Reading Peter Steiner’s Internet dog

How are we to read Peter Steiner’s famous cartoon “On the Internet, nobody knows you’re a dog”? It wasn’t an editorial cartoon, so Steiner wasn’t trying to make a point. I believe he was just trying to be funny.

Why is the Internet dog funny? I think it’s because dogs are mischievous, especially the ordinary muts in question. Dogs chew your slippers when you’re not looking. So imagine the fun they’d have on the Internet. They would probably sell your slippers given the chance on eBay.

Technologists especially latched onto the cartoon and gave it deeper meanings, especially relating to “trust”. Whether or not the cartoon triggered it, it did coincide with a rush of interest in the topic. Through most of the 1990s, hoards of people became preoccupied with “trust” as a precondition for e-business. Untold hours were spent researching, debating, deconstructing and redefining “trust”, as if the human race didn’t already understand it.

Was there ever really any mystery about trust? Did the advent of the Internet truly demand such earnest reappraisal? No.

We should read the Steiner cartoon as being all about fidelity not trust. It goes without saying that you wouldn’t trust a dog. The challenge online is really pretty prosaic: it is to tell what the other party is. Trust then follows from that knowledge, in context.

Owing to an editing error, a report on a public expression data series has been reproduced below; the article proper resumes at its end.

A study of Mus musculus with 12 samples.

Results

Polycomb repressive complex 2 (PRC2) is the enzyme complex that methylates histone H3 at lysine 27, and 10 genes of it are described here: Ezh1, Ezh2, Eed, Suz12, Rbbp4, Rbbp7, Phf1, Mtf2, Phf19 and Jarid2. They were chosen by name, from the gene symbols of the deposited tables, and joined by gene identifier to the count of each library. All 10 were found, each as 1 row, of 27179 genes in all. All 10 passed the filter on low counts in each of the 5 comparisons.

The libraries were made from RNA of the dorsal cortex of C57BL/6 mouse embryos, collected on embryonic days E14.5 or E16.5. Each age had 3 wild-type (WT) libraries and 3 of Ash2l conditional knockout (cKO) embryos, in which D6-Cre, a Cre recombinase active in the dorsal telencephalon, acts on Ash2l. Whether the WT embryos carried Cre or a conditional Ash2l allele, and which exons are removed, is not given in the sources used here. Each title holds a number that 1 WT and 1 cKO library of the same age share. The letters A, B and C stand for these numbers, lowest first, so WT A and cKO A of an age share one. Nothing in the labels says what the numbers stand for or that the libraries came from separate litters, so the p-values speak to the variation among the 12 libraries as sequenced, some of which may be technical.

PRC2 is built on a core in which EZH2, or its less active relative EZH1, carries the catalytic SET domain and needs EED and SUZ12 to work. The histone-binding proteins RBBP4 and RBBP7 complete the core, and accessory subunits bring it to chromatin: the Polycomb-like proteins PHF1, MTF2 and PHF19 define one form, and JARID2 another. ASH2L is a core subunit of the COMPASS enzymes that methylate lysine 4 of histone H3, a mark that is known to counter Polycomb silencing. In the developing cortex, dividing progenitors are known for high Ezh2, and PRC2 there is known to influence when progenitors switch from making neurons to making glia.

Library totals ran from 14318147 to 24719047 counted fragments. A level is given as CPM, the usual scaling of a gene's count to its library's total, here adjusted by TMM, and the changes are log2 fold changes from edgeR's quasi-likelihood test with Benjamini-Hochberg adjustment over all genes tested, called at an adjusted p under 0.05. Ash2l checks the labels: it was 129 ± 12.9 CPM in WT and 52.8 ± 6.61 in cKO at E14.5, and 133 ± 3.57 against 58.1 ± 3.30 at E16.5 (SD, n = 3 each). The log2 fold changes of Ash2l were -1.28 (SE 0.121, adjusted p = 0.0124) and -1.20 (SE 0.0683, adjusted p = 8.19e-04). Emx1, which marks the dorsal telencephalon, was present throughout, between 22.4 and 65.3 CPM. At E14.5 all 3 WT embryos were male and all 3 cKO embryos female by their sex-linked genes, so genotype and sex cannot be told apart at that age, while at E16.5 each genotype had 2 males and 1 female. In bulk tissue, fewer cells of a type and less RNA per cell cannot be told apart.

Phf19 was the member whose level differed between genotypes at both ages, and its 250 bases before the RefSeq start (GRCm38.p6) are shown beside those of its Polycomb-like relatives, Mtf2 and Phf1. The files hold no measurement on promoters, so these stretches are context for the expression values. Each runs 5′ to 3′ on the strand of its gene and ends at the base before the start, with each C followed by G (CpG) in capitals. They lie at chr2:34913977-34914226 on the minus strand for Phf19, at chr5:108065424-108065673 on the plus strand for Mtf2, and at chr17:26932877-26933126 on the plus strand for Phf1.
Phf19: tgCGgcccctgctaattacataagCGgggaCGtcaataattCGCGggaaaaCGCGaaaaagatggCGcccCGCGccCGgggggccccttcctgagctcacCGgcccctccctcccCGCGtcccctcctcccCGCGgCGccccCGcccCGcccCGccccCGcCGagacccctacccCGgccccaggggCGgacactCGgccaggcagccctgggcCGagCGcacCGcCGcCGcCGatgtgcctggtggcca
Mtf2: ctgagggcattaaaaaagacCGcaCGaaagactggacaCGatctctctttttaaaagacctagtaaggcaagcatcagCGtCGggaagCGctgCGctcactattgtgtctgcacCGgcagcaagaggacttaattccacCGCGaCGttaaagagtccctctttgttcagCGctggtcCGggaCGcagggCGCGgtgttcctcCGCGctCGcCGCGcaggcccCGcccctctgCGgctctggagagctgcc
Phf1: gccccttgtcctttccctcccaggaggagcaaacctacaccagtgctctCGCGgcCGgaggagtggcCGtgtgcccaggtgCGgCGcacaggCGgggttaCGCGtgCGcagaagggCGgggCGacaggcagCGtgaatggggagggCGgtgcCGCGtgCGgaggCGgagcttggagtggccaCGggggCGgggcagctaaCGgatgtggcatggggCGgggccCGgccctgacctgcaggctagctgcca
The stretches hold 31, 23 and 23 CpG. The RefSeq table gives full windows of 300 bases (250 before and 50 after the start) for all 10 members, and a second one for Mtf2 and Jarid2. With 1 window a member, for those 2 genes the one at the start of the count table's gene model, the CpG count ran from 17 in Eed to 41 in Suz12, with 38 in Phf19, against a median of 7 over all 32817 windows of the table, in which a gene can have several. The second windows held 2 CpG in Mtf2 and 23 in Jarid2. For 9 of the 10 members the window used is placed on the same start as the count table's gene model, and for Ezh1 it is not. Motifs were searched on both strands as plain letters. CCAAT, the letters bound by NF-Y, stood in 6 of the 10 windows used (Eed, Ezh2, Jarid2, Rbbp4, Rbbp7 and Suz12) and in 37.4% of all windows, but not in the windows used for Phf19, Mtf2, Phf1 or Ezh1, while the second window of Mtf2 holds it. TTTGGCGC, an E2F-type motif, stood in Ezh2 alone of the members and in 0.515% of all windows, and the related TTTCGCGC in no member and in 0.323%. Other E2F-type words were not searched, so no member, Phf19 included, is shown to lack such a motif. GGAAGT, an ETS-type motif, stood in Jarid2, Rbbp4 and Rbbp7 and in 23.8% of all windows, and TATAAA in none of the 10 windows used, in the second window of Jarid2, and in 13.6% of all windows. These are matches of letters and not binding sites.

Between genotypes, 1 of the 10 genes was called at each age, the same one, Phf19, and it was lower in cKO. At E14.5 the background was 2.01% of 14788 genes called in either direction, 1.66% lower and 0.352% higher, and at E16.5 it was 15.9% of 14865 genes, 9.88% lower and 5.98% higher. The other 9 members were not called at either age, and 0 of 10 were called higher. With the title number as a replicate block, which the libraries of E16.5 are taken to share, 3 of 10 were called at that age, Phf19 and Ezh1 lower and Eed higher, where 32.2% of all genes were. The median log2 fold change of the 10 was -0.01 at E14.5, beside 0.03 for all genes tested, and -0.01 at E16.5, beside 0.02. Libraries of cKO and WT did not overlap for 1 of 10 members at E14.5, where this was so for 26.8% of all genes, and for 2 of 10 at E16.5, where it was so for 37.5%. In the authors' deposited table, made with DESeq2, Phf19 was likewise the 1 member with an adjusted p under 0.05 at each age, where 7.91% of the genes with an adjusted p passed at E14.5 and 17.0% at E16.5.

I maintain that by and large we trust people well enough in the real world. There’s no end of conventions, rules and instincts for establishing trust, none perfect, but good enough, and of course, evolving all the time. It’s true that establishing trust in new business relationships is subtle and multi-pathed, but in routine business transactions — the sort that the Internet is good for — trust is not subtle at all. The only thing that matters in most transactions is the parties’ formal credentials (not even their identities) in the context at hand. For example, a pharmacist doesn’t “trust” the doctor as such when filling a prescription. Medicos, accountants, engineers, bankers, lawyers, architects and so on have professional qualifications that authorise them to perform certain transactions. Consider that in the traditional mercantile world, the shopkeeper or sales assistant is typically a total stranger, but we know that consumer protection legislation, credit card agreements and big companies’ reputations all keep us safe. So we don’t actually “trust” most people we do business with at all. We don’t have to.

There is an old Italian proverb that perfectly sums up most business:

It is good to trust, but it is better not to.

That should be the defining slogan of Internet sociology, not “nobody knows you’re a dog”. If we weren’t over-doing trust, the transition from real world to digital would not be so daunting, and the foundational concepts of identity would not need re-defining.